Originally Posted by COBrad
"use as much gun as you can shoot accurately"
This is sound advice. I am not convinced going bigger necessarily means more room for error. With the selection of bullets we have available today, we can have deep penetration, explosive and devastating performance, or something between the extremes to tailor the performance of our load.
How much room for error do we really need anyway? A poor shot with any caliber is going to result in a lost elk. Perhaps something that isn't too punishing can be mastered to a level where one is more likely to make a better shot in the first place.
I would like to hear more talk in these forums about picking good shots than all we hear about planning for poor ones.
I am in full agreement.
In 30 years of guiding deer and antelope hunters (some with virtually no hunting experience at all); Generally speaking, the ones who gave me the least amount of grief were shooting guns that they can handle, and that they can shoot well. As a guide, it was up to me to get them into a steady position at a sure distance. Generally, that was under 300 yds and 200 preferably.
A leg or gut wound on a 70lb antelope with a 300 Ultra Mag is no more deadly than a leg or gut wounded animal shot with a 243.............Seen it, seen it many times. In my experience, most guys that need a guide and are shooting the big guns are more likely to miss or flub the shot than the guys shooting something reasonable and accurate. Statistically, IME; the folks that are using a moderate recoiling gun are placing their shots more accurately.
I remember a couple of antelope hunters from back nearly 20 yrs ago that had the best optics and most expensive rifles money could buy. They were shooting 300 Weatherbys in the most high dollar configuration that Weatherby made at the time. Swarovski Scopes and Binos. Doing everything I could to get them within 300 yds of SCI bucks on public land, getting them into prone positions and talking them through the shots..............you know, "breath relax, take your time.....he's not going anywhere......wait till he's broadside. Breath relax aim and squeeze..........take him when your ready". These guys were probably the worst rifle shots I'd ever guided. Took 2 full days with positions on at least 3 or 4 bucks per day for them to get their bucks down............and about 20 shots for each guy. Granted, this is an extreme example of a real situation, but generally it was the guys shooting 7mm magnums and bigger that missed the most. Rarely had an issue with the fellas using 30-06's, 308's, 243's, 270's or 25-06's.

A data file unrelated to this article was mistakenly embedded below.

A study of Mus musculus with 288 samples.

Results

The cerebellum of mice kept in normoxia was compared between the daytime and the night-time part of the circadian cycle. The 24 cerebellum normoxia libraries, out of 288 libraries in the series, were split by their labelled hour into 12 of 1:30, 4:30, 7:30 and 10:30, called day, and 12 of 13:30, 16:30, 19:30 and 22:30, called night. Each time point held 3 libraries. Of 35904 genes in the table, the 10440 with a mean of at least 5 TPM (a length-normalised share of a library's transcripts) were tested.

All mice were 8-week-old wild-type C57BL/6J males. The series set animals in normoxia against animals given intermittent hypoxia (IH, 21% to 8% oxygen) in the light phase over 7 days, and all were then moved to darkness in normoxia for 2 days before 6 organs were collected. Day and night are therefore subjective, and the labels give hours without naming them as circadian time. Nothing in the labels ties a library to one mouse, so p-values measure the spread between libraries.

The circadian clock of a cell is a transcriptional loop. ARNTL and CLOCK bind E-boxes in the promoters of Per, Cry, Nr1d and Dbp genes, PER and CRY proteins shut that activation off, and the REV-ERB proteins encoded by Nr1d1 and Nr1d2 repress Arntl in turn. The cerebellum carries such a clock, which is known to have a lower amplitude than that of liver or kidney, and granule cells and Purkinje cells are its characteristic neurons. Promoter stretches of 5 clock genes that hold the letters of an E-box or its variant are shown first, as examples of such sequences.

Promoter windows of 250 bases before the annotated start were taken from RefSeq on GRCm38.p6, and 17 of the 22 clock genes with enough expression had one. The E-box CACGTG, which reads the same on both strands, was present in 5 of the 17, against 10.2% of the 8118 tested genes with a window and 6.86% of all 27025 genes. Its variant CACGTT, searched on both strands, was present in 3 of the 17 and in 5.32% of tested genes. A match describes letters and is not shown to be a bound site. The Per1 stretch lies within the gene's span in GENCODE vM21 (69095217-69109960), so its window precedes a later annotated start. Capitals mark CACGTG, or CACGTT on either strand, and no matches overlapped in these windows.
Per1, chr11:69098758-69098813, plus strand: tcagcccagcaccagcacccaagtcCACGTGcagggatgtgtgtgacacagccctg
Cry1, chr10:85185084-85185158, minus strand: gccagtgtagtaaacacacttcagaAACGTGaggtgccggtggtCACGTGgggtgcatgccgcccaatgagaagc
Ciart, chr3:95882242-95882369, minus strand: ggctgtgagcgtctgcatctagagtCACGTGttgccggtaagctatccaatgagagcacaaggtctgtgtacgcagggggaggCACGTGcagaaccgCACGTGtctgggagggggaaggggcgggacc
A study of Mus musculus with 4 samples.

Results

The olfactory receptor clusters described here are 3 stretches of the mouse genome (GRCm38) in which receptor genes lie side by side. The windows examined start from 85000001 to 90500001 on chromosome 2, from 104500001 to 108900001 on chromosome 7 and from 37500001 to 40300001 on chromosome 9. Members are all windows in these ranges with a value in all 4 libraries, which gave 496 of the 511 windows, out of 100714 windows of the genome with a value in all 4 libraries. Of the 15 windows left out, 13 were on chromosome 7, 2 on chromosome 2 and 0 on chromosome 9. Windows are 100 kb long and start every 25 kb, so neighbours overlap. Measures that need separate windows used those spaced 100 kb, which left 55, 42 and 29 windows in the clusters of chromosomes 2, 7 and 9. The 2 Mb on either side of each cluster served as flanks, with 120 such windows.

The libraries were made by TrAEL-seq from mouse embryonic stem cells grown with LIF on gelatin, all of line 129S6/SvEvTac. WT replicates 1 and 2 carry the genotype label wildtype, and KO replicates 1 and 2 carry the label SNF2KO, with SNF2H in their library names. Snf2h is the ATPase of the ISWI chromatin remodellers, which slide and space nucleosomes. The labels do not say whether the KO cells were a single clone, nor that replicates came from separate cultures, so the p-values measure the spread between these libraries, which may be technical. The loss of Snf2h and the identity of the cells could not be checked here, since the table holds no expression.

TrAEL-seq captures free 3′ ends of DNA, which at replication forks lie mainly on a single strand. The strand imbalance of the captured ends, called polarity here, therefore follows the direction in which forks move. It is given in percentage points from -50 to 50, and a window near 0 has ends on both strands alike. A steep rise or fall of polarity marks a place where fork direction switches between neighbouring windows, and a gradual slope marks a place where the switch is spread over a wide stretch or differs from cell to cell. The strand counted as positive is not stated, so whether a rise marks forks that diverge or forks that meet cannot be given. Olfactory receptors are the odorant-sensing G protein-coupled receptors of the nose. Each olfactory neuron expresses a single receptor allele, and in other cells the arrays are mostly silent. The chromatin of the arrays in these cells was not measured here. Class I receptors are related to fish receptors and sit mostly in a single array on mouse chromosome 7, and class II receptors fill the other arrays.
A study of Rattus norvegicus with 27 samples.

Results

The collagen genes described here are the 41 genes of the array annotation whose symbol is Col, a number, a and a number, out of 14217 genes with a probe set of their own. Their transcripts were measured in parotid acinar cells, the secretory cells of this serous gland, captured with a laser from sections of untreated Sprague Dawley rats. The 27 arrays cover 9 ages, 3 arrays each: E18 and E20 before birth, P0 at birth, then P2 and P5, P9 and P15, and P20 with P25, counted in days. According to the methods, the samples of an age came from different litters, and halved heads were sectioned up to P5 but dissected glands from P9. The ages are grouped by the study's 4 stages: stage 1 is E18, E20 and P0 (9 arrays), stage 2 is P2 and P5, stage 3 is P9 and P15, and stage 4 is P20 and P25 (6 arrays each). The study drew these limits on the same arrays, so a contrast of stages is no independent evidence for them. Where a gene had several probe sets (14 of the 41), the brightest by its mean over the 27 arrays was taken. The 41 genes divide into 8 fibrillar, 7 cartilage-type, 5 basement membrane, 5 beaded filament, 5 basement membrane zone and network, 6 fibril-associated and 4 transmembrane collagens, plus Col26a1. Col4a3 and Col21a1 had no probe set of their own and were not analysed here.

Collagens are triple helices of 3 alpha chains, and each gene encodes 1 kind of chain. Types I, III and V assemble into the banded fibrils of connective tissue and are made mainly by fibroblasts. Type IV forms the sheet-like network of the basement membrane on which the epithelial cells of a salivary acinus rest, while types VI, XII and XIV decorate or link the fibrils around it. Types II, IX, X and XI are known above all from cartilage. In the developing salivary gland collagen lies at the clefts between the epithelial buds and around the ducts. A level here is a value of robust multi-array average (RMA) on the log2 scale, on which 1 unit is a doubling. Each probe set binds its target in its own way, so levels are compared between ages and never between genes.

I believe this stems from the flinch, IMO most of us humans flinch to one small degree or another with anything that causes discomfort to our shoulders or head, and usually it's not even a conscious decision.......it's totally instinctive and involuntary. Unsteady shooting positions and heavy triggers just amplify the errors caused by the flinch and big boomers just amplify the flinch reaction.